Marvel’s Horror Magazine Opens a Gateway Beyond Superheroes

Marvel Comics has long been known for superheroes, but the adventures of these colorful costumed characters aren’t the only types of stories that the company has published. Once known for monsters and science fiction, Marvel would later turn to more supernatural forces in the 1970s to bolster their books. This gave rise to several prominent properties that are still very well-known.

Nowadays, some of these horror characters have been swept under the rug, but others have found fame outside the comics. Once published under their own book and “group,” doing so in the mordern era would be a great way for Marvel to expand beyond capes and tights while still thrilling readers with tales of action and suspense. Here’s how reviving the “Marvel Monster Group” would be a boon for Marvel Comics.


The early 1970s saw the Comics Code Authority ease up, allowing comic book publishers to once again utilize more supernatural and paranormal themes in their books. These hadn’t completely gone away, but it had meant that more horrifying takes on vampires, werewolves, ghouls, and ghosts were effectively verboten. Following the Comics Code pulling back its stringent rules, Marvel followed suit by introducing several new characters that were more horrifying than heroic.

These new horror properties include the hell-raising Ghost Rider, a vampire hunting Blade, the howling Werewolf by Night, and the mystical Man-Thing. These characters were very much in the vein of the exploitation horror craze of the era, which was far darker than classic monster movies. Along with books such as Tomb of Dracula (published by Marvel Comics proper), there were also the titles Vampire Tales, Dracula Lives!, Tales of the Zombie and Monsters Unleashed. However, these books weren’t comics, they were magazines handled by Magazine Management with this distinction meaning that they could go further than even what the now relaxed Comics Code would allow. Violence, language and nudity were frequent in these books, making it clear that the titles were more like horror novels than comics.

Speaking of comics, the popular Spider-Man is very much a traditional superhero title that would introduce two horror villains — the Man-Wolf and Morbius, the Living Vampire. Though their origins were born from science and not the occult, they still fit in with the growing horror vibe at Marvel. This saw Morbius spin off into his own stories in Adventures into Fear and the magazine Vampire Tales. Once the horror craze of the movies died down, however, the popularity of these magazines would, as well. This saw Marvel firmly become a publisher for superhero comic books and not much else. Though that may be ingrained in the current culture, the legacy of these classic magazines and their characters could change that for the publisher.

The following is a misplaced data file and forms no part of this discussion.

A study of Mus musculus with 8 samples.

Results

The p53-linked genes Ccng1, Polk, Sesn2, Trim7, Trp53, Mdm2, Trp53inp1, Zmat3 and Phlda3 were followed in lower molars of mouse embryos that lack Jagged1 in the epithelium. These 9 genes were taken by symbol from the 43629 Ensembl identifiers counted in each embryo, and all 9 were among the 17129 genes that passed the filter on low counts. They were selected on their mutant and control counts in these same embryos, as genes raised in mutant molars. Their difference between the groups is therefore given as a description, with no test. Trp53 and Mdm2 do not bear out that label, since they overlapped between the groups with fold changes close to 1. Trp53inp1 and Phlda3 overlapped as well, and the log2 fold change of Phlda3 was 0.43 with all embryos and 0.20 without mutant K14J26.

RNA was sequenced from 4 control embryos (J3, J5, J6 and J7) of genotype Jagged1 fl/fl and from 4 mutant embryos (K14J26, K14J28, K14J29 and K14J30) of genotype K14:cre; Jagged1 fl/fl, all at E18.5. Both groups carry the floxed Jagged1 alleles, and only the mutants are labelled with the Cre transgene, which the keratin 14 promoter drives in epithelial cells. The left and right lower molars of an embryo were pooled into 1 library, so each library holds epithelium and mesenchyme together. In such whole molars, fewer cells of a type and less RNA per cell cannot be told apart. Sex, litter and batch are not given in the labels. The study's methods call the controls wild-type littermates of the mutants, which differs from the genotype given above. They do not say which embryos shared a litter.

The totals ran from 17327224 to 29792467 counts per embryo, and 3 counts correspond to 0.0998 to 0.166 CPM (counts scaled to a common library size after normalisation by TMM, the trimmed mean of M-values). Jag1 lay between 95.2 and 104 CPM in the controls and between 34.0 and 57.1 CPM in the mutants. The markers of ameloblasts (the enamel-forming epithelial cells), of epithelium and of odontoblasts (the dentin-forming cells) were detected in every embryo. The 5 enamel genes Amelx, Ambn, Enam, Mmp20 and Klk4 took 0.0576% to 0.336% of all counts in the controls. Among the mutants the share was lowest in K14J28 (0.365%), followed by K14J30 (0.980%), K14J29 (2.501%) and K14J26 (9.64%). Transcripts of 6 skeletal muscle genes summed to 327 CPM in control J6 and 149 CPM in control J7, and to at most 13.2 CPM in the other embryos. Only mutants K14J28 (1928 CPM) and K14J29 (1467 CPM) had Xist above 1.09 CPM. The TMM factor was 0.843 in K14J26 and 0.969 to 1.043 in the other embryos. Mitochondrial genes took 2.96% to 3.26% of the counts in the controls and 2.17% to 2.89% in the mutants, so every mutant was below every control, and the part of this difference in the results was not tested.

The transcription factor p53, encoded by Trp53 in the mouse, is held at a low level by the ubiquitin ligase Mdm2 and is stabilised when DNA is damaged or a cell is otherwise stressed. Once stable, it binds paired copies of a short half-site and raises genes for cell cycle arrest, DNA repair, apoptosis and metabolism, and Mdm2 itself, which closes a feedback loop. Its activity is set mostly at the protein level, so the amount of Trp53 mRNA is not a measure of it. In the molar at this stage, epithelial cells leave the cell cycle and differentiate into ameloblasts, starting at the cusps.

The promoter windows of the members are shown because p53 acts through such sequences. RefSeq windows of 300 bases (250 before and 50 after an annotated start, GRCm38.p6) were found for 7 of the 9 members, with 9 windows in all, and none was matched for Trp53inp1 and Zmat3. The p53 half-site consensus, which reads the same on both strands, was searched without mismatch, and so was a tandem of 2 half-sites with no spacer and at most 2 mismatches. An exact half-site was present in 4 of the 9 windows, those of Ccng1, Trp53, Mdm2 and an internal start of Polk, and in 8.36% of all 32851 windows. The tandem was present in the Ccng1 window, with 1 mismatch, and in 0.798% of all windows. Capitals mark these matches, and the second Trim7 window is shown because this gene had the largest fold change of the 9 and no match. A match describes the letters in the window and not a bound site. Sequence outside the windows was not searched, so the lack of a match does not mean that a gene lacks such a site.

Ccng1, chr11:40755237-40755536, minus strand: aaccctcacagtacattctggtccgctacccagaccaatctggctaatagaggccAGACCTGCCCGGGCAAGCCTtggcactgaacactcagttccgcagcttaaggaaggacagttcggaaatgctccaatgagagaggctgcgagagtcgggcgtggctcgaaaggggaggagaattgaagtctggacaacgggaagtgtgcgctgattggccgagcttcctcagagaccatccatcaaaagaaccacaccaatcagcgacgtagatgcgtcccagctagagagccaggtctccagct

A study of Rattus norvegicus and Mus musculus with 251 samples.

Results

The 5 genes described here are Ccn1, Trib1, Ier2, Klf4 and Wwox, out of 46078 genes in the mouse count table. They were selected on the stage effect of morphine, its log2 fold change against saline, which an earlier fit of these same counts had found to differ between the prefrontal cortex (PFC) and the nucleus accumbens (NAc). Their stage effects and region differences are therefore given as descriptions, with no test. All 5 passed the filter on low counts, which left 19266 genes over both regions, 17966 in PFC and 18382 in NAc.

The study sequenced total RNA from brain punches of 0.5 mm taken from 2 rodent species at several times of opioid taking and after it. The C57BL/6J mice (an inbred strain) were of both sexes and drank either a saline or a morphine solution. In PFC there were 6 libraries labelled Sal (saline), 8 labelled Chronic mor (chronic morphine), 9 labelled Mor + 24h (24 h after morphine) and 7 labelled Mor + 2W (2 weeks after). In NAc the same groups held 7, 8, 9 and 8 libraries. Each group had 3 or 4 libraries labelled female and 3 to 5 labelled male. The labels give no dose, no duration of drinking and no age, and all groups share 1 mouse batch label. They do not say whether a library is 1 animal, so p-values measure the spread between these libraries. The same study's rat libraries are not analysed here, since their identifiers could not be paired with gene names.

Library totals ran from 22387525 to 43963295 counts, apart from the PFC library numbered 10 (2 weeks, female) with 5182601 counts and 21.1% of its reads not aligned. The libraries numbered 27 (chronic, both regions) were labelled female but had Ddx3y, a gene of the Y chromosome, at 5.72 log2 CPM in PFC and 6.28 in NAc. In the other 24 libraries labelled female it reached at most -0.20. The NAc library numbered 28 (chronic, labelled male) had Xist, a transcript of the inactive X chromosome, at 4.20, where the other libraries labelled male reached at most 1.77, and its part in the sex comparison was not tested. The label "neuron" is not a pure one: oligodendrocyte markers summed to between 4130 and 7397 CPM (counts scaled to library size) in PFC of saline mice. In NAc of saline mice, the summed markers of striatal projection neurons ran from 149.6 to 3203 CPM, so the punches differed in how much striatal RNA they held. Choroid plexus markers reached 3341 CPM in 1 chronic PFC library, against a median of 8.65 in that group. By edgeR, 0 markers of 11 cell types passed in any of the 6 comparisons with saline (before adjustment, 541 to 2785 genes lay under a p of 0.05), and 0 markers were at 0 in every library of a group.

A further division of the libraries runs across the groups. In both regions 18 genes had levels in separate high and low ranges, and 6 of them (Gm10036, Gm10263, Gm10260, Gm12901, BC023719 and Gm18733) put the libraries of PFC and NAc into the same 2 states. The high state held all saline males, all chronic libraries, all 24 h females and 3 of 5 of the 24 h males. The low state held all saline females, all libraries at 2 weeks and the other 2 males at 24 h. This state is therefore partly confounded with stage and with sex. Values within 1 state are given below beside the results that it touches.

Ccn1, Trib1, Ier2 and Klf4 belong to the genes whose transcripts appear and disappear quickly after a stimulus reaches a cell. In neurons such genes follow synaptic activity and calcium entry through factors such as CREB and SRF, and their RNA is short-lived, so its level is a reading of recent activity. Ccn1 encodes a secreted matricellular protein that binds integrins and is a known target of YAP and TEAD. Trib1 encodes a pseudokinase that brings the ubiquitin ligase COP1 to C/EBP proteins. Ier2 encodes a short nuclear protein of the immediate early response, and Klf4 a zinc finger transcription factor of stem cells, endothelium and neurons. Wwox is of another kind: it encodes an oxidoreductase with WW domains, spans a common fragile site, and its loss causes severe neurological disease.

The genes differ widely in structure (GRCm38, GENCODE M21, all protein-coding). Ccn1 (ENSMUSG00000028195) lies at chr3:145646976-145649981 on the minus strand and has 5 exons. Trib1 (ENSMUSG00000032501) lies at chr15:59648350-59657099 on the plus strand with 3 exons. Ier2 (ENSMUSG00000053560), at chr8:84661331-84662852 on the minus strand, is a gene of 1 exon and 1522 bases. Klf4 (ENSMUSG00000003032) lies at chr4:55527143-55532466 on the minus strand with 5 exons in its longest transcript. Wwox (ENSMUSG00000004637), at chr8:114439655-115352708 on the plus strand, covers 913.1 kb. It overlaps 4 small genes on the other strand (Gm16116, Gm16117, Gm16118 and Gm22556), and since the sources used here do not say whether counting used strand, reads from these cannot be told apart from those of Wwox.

Horror comic books and horror stories, in general, are seeing a resurgence in popularity, with titles such as The Department of Truth and those released under Joe Hill and DC Comics’ Hill House imprint being massive successes. While they might not be written by horror icons, they’re still popular on their own merits, seeing success without the appearance of major superhero properties. The same could easily be done with a relaunched Marvel Monster Group of magazines and anthologies, and the difference would be that these stories would feature Marvel properties. Many of its characters, namely Blade the Vampire Hunter, haven’t been given their due for years. Giving them an exclusive space to shine would do them wonders.

Even if these were theoretically magazines instead of comics, having Marvel characters in books outside the superhero genre would only expand its reach. For as popular as Marvel and DC are, there are some readers who simply wouldn’t touch a superhero comic. They might, however, be more tempted by horror and the occult, making the potential for these magazines far greater than traditional comics. The diversity of genres can only help the medium, and much like movies, it would guarantee some big monetary gain every Halloween. All it requires is for Marvel to publish at least one or two titles that trade wall-crawling for bloodsucking and replace tights with frights.